Came back from an 8 day vacay to find our pool looking like the proverbial Jolly Rancher. I had put 4 3" HTH pucks in the only-used-when-away inline chlorinator, so not sure why things got so far out of hand. Pool had been good until we left.
Anyhoo, I pool calculatored 15ppm chlorine as shock level for our CYA of 40, requiring approx 3 gals 12.5% chlorine (all further references are to 12.5% chlorine.) I figured that's what I'd do initially, then follow shocking instructions here to keep chlorine high until prob is gone. As a sort of 2nd opinion, my Taylor test kit booklet suggested algae removal process is to do a one-shot treatment of 30ppm chlorine or 6 gallons.
Sent my wife to the pool store to get a couple cases (had a couple jugs on hand also) plus a gal of muriatic acid as PH was around 7.9 and my Taylor acid demand test said I needed about 1/2 gal to bring down to 7.3.
She calls from the pool store and says the guy has a bit different idea. Puts him on the horn. He says we should immediately dump in 6 cases (24 gals) chlorine (enough for 125ppm chlorine). I asked how he figured that, like what ppm chlorine he was going for. He said, "I used 4 cases to clear up my 18000 gallon aboveground this spring, so you need more because your pool is bigger." Then he said, "And you need to add at least 6 gallons of muriatic acid to get rid of the algae." I asked what PH he was shooting for (that much acid would lower PH to approx 5.7!) "That's not what the acid is for. It's to kill the algae. You'll have to adjust your PH once the algae is gone." Then he sort of recommended using another algaecide, too, although he said it's too expensive. Plus he mentioned a flocculent because our cartridge filter would not be able to handle the dead algae and pooh-poohed the Sea Klear I had been using to control cloudiness (he may be right on that, we'll see in a day or so.)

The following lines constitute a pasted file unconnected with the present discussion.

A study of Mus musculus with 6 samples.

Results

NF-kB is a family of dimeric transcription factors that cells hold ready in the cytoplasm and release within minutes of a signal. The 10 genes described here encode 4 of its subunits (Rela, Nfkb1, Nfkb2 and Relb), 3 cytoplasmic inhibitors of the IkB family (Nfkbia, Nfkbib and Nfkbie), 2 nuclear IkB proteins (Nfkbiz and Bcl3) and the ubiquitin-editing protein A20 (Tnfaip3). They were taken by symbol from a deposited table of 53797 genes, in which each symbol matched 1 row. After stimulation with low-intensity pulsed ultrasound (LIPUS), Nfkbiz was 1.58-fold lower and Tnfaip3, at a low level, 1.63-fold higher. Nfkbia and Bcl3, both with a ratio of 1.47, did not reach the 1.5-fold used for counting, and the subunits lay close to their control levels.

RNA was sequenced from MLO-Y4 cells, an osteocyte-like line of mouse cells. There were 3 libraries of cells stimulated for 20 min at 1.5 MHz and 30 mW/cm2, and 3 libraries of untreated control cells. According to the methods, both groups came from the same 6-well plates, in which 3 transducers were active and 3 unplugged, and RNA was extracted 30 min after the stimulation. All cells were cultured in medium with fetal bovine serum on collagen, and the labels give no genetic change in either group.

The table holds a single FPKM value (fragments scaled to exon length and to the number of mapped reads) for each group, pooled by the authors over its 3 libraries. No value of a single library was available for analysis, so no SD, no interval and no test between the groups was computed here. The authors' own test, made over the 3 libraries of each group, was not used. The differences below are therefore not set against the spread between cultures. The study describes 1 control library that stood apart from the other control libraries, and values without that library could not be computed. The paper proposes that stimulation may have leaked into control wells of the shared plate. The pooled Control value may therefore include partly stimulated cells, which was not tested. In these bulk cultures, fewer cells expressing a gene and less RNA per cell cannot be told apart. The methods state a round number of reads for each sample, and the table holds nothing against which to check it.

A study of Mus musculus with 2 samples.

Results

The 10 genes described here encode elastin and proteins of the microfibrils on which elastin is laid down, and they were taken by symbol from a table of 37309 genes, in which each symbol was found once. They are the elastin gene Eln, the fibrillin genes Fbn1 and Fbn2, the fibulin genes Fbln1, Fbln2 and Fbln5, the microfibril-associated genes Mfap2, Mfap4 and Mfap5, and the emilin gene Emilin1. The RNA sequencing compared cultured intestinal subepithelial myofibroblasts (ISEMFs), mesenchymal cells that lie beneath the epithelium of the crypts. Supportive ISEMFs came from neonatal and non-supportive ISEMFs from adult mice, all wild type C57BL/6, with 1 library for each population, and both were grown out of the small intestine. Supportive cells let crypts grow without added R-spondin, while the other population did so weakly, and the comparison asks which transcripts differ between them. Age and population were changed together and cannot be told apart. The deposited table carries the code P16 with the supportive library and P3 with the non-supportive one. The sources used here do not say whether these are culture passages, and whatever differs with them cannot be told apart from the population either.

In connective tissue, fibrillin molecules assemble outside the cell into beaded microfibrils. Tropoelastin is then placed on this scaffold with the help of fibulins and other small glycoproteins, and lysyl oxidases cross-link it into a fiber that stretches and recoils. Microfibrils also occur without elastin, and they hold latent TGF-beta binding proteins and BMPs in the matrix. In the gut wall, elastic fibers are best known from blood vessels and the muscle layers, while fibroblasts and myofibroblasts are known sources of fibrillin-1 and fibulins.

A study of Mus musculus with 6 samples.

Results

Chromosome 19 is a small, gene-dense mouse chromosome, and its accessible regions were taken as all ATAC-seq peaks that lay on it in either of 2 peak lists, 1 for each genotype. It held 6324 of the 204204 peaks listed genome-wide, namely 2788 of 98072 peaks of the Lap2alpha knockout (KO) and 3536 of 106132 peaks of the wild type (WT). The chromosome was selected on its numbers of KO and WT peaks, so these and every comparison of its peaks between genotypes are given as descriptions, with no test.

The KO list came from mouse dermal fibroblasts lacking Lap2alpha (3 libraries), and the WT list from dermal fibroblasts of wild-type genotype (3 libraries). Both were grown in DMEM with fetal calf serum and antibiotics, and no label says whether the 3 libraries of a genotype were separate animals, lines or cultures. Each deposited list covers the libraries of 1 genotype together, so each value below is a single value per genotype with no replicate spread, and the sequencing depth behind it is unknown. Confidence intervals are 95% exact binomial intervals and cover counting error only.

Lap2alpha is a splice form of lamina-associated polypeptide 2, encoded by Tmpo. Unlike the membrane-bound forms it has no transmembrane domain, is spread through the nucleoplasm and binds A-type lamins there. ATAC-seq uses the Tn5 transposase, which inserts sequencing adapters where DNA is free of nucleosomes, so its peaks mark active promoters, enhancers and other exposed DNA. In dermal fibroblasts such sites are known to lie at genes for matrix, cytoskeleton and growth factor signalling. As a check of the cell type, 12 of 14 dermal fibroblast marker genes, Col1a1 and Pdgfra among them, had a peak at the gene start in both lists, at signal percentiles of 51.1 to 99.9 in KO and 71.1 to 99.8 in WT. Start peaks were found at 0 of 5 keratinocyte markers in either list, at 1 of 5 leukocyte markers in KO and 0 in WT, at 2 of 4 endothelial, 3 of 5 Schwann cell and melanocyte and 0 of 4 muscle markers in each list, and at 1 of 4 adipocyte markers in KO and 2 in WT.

She came home with 24 gal chlorine and 4 gal muriatic. I adjusted PH to 7.3 and dumped in 3 gal chlorine, tested chlorine using my Taylor K2005 kit and 4:1 dilution with tap water, and followed shocking recommendations here fairly well although perhaps erring on the too much chlorine side, using a grand total of 9 gal chlorine. By morning pool is white and cloudy but no longer green. Thanks TFP!
I do wonder how much trouble I'd be in if I had blindly followed along and got PH lower than 6. At very least I'd be rounding up 100lb of borax to get it back to where it should be. And I shouldn't knock the pool store too much as it does sell cases of chlorine for $10.99 and they're fresh because everybody around here buys 'em there.